Jelena Ostapenko wins her maiden Grand Slam title! https://t.co/tm3KSlKacZ
— Roland-Garros (@rolandgarros) June 10, 2017
Before the tournament, Halep, the tournament favorite, was asked who she thought might win the French Open. “About 15 players,” she said, referencing the women’s field that became almost historically wide open given the absence of a pregnant Serena Williams, the virtual ban on Maria Sharapova and subpar play by both the world No. 1 (Angie Kerber) and defending champion (Garbine Muguruza). But 15 was underselling. You could have tripled that number and still not gotten to Ostapenko, who entered Roland Garros ranked No. 47 in the world and coming off a fine, if unspectacular, clay season in which she twice had to go through qualifiers to play in the bigger tournaments of the spring. In her seven Grand Slam appearances, she’d never made it past the third round. A quality tournament would have been making the fourth round. A great tournament would mean a quarterfinal appearance. An unthinkable tournament might have gotten her to the semis.
Ostapenko was best known as a player whose fire was as big as her firepower. She’s been famous (winning the 2014 junior Wimbledon title) and infamous (last year she threw a racquet in frustration and it hit a ball boy – even with her French heroics, that clip is still her most-viewed YouTube video). The 20-year-old is only slightly less demonstrable toward her players’ box than Andy Murray, a player who Ostapenko outhits with her missile forehand by 2 mph. She had the most winners of anybody in the tournament thanks to a racquet she wields like Thor’s hammer. With those winners come unforced errors but Ostapenko is like an NBA player who shoots and shoots with the knowledge that, at some point, the shots will start to fall. Her game is aggressive, smothering and exhausting.
Still, no one thought she’d be holding the trophy on Saturday at the French Open, not after a draw that saw her face former Grand Slam champions (Sam Stosur), world No. 1s (Caroline Wozniacki) and the betting favorite who was playing with the No. 1 ranking on the line (Halep).
So if it’s all such a surprise, why isn’t it that much of a surprise?
The women’s game is so wide open right now and the talent so even that if you accept that nearly half the field has a legitimate chance of making the semifinals, then the odds of one of those players getting hot in the final four and playing out of her mind is higher than you might think. Timea Bacsinszky, the No. 30 seed defeated by Ostapenko in the semis, had been a few games from playing Halep. Had Carolina Garcia (No. 28) not dropped a first-set tiebreak in the quarterfinal, perhaps she could have taken the title. And Halep herself probably shouldn’t have even been in the final – she was down a set and 5-1 in the second set in her quarterfinal against No. 5 Elina Svitolina. The men’s tournament is a lot like the NBA playoffs – the first few rounds exist solely to strip away the pretenders so that the four or five contenders can do battle. The women’s tournament is more like the NCAA tournament – chaos in every round, with the dust often settling with Cinderellas in position to win titles but, more often than not, one of favorites coming through in the end.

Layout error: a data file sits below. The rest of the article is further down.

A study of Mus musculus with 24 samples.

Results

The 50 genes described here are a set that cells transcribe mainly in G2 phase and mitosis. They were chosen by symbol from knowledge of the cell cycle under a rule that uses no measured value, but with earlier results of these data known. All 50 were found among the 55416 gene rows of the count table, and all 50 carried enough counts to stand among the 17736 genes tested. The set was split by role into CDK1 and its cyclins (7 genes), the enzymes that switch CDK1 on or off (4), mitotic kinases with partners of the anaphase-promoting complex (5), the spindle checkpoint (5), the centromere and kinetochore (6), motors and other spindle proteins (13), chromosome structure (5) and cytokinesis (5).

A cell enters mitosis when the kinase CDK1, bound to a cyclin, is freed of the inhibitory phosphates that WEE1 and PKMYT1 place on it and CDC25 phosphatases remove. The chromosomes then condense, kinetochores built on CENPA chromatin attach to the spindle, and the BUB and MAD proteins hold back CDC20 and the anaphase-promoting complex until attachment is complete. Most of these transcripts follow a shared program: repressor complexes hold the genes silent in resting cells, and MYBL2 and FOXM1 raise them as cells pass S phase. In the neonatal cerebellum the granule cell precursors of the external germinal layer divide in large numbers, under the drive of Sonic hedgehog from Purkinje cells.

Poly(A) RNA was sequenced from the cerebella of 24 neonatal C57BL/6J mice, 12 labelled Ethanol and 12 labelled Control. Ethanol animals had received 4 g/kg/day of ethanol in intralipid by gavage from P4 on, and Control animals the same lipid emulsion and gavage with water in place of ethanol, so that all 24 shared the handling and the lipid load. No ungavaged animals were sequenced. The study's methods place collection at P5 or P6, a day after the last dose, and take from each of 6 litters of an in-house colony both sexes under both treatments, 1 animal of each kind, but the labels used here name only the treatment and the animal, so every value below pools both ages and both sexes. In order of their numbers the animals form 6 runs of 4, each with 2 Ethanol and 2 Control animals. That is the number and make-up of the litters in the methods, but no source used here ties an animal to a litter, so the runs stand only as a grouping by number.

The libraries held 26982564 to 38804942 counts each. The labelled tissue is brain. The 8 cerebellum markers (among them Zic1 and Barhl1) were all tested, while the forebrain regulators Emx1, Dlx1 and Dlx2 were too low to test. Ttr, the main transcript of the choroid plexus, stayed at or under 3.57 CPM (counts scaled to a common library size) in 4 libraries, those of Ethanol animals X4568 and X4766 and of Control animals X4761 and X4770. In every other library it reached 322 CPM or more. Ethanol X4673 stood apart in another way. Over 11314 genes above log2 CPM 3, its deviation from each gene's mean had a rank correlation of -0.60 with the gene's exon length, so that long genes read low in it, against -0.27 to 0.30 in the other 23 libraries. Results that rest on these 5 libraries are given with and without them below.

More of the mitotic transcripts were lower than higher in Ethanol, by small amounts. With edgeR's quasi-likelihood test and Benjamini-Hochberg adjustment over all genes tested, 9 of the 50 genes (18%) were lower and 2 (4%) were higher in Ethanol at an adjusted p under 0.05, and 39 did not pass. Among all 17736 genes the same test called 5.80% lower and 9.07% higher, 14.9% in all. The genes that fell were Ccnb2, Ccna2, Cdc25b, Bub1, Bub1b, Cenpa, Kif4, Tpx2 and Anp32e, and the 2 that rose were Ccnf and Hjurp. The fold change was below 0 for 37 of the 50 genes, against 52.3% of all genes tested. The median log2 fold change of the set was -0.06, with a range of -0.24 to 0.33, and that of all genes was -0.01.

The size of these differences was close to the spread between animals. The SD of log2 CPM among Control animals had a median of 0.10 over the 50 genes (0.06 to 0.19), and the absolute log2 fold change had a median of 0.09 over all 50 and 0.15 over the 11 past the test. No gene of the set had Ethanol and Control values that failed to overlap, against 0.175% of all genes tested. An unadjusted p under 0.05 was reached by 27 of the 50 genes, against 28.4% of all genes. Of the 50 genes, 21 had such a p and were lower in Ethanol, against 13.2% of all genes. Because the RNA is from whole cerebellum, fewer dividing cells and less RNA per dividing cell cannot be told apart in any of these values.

That’s what almost happened on Saturday. If Ostapenko doesn’t blast a winner to save break point at 0-3 in the second and Halep doesn’t push a forehand wide at 3-1 in the third, maybe we’re looking back at that “15” comment and saying Halep was playing it cool all along, knowing the tournament was hers, instead of hers for the taking.
All this is to take nothing away from the achievement of the big-hitting Latvian, who became the first woman to make her debut win at a Grand Slam in 39 years and the first unseeded player at this tournament since it was called the French Open – especially impressive given that before 2001 there were only 16 seeds at majors instead of the 32 used now.
In the span of two weeks, Ostapenko went from a player who might one day get to the top of the game (the way Halep was regarded five years ago) to one who leaped over the entire sport to get there in a fortnight. With the win comes grandiose expectations, especially since Ostapenko’s game seems better suited for faster courts, when her 80 mph forehands will skid off the grass courts, past even the most defensive player. If she can do this on clay, imagine what she’ll do at Wimbledon?
Expect a letdown there; Ostapenko went to three sets in five of her seven matches, tied for the most of any champion in history. (Serena Williams did it while winning this tournament in 2015.) She’s going to be tired from the tournament, the celebration, the media tour and all of that. Coupled with the expectations, let’s slow the roll on crowning her queen of tennis.
Her time will come. For now, it’s not about what she might do, it’s about what she just did. Jelena Ostapenko has an entire career to make good on the hype she earned this week in Paris, when she became the most unexpectedly expected title in Grand Slam history.